Consumer spending is up and unemployment is down. The Dow Jones keeps creating new milestones to hit. By most indications, the U.S. has shaken off the last of the Great Recession. But for the construction industry, it’s not exactly back to business as usual.
According to a survey conducted by FMI Corporation, which tracks employment trends among engineering, construction and infrastructure firms, 89 percent of participants reported talent shortages in 2017. Only 53 percent reported the same in the 2013 survey.
What’s more, this skilled labor shortage, coupled with an energetic construction market, continues to drive up construction costs. Construction costs rose 1.34 percent in the fourth quarter of 2017, continuing a steady increase that has been trending since 2011. This is according to Turner Construction Company, which has prepared its building cost index for over eight decades.
At the end of last year, the Turner index shows, construction costs were more than 5 percent higher than at the end of 2016. And the pace of these cost increases is also rising; 2016’s cost of labor and materials was 4.7 percent higher than in 2015, which was 4.5 percent over 2014.
“The skilled labor shortage is one of the greatest issues the construction industry is collectively facing, and many top contractors have been bracing for its impact for years,” said Justin Brown, president, Skender Construction.
Not all markets are affected equally, of course. Despite the hot streak that industrial has been on, some new deliveries to the Chicago market in 2017 have gone unleased. “There have been a lot of speculative warehouses and not enough absorption,” said Steve Golumbeck, vice president Peak Construction.
This lower industrial absorption is already offsetting material availability. “One of the metrics that I track is the precasters—what they have and how far are they booked out,” said Golumbeck. “I talk to those guys about once a week and right now they can get me panels in April. Last year that was June/July and the year before that is was July/August.”
Areas where industrial is still strong, such as the I-55 and I-80 corridors, are doing so in part because of access to larger labor pools. “They have it a little better because they can pull from Joliet and those bigger cities down in that area,” Golumbeck said.
But the construction trade, overall, is seeing higher average cost, due in part to a smaller labor pool. To stay competitive in the face of these challenges, many in the industry have adopted the “Lean” approach, modeled after low-waste, high-efficiency manufacturing methods.
“The Lean approach is demonstrating significant value in mitigating risk and improving project performance,” according to a recent Dodge Data & Analytics report. “High lean intensity projects” were three times more likely to complete ahead of schedule and two times more likely to complete under budget, according to owner-provided data in the report.
The core principles of Lean construction are the elimination of waste, increased production and reduced costs. This may seem obvious, however 70 percent of projects are delivered late and over budget, according to the Lean Construction Institute.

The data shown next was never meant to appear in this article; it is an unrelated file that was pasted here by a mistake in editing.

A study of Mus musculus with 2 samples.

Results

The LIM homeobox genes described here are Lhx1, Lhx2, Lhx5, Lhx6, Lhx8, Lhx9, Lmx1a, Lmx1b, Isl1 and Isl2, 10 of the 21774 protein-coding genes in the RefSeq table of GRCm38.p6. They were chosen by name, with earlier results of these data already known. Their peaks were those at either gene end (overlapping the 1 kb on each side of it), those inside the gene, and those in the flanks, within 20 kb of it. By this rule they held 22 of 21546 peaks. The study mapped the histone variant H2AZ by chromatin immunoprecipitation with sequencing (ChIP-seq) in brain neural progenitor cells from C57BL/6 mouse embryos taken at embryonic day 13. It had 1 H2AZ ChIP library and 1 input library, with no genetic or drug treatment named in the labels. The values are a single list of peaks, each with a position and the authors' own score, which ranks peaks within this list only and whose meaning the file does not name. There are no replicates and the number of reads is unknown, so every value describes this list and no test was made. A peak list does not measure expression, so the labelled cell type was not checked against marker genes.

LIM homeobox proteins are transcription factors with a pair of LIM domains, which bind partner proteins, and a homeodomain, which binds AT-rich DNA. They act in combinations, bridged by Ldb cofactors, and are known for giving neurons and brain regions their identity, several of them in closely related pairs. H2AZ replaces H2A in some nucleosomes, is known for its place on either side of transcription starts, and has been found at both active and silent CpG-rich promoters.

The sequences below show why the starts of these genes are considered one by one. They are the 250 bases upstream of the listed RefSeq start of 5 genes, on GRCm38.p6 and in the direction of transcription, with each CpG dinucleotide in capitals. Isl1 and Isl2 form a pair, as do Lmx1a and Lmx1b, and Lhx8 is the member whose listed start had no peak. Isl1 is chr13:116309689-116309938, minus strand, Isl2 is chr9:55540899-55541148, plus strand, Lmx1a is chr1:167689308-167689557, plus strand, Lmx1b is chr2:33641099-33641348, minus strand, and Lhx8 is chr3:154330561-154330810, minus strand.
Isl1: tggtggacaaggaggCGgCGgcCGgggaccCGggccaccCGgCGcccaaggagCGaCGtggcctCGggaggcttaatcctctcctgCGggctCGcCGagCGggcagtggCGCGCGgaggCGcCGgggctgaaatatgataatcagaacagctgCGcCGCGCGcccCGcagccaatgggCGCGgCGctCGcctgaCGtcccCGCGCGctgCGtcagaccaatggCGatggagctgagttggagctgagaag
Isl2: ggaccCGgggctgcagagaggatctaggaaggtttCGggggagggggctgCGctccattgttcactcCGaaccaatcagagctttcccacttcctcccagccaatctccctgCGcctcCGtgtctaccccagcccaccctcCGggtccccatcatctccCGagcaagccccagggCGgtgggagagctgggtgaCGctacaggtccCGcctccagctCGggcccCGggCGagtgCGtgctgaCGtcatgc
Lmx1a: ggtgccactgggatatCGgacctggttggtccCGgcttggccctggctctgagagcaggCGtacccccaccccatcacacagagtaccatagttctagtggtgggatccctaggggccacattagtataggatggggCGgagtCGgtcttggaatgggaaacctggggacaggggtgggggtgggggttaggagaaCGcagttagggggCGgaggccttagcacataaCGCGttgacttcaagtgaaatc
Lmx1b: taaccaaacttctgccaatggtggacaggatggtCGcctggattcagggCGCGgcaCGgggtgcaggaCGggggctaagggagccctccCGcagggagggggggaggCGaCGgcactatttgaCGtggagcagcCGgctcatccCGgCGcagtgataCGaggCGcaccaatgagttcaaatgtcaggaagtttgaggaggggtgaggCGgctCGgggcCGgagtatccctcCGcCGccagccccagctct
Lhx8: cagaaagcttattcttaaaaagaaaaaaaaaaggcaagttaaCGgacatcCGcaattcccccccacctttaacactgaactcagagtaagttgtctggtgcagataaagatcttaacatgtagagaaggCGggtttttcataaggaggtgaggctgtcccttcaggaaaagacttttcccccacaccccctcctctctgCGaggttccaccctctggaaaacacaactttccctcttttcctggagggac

“Skender’s value-optimized approach to Lean is a vital part of the way we do business,” Brown said. “We combine the best practices of Lean manufacturing with our tailored construction services, providing clients with a refreshingly innovative approach that results in greater efficiency, quicker deliveries and cost savings.”
Reducing material waste is the most expedient way to cut down on construction costs; by building Lean, however, a firm can eliminate waste throughout a project’s lifecycle. More transparent and collaborative communication between owner/operators, developers, architects, contractors, engineers, material suppliers and subcontractors can also make a project go up more efficiently, from start to finish.
Tasked with transforming an 18-year-old, four-story, 190,000-square-foot office building in Vernon Hills, IL, Peak Construction collaborated with design partners, the client and village officials to deliver a state-of-the-art research and development space. Improvements included an extensive modification and reuse of the existing building’s electrical and HVAC systems.
Skender recently served as general contractor on the interior build-out of a medical clinic at Rush Oak Park Hospital. As they were working in occupied space, it was up to Skender to coordinate all construction logistics to reduce any impact on ongoing operations.
Firms need to have a plan in place to address the labor shortage, whether that’s Lean construction, better recruitment/outreach, employee training and incentives or other methods. If the trend for construction industry labor shortages persists, there could be short- and long-term consequences.
In the short-term, construction firms will be reluctant to bid on projects without the assurance of access to enough qualified employees to complete the job on time. This will both delay new projects and drive up wages, making the rise in construction costs even steeper. In the long-term, those firms that successfully weather the storm of a shrinking labor pool will likely have done so by doing more with less. This means the move toward automation would only be hastened, shifting even more employees out of the industry.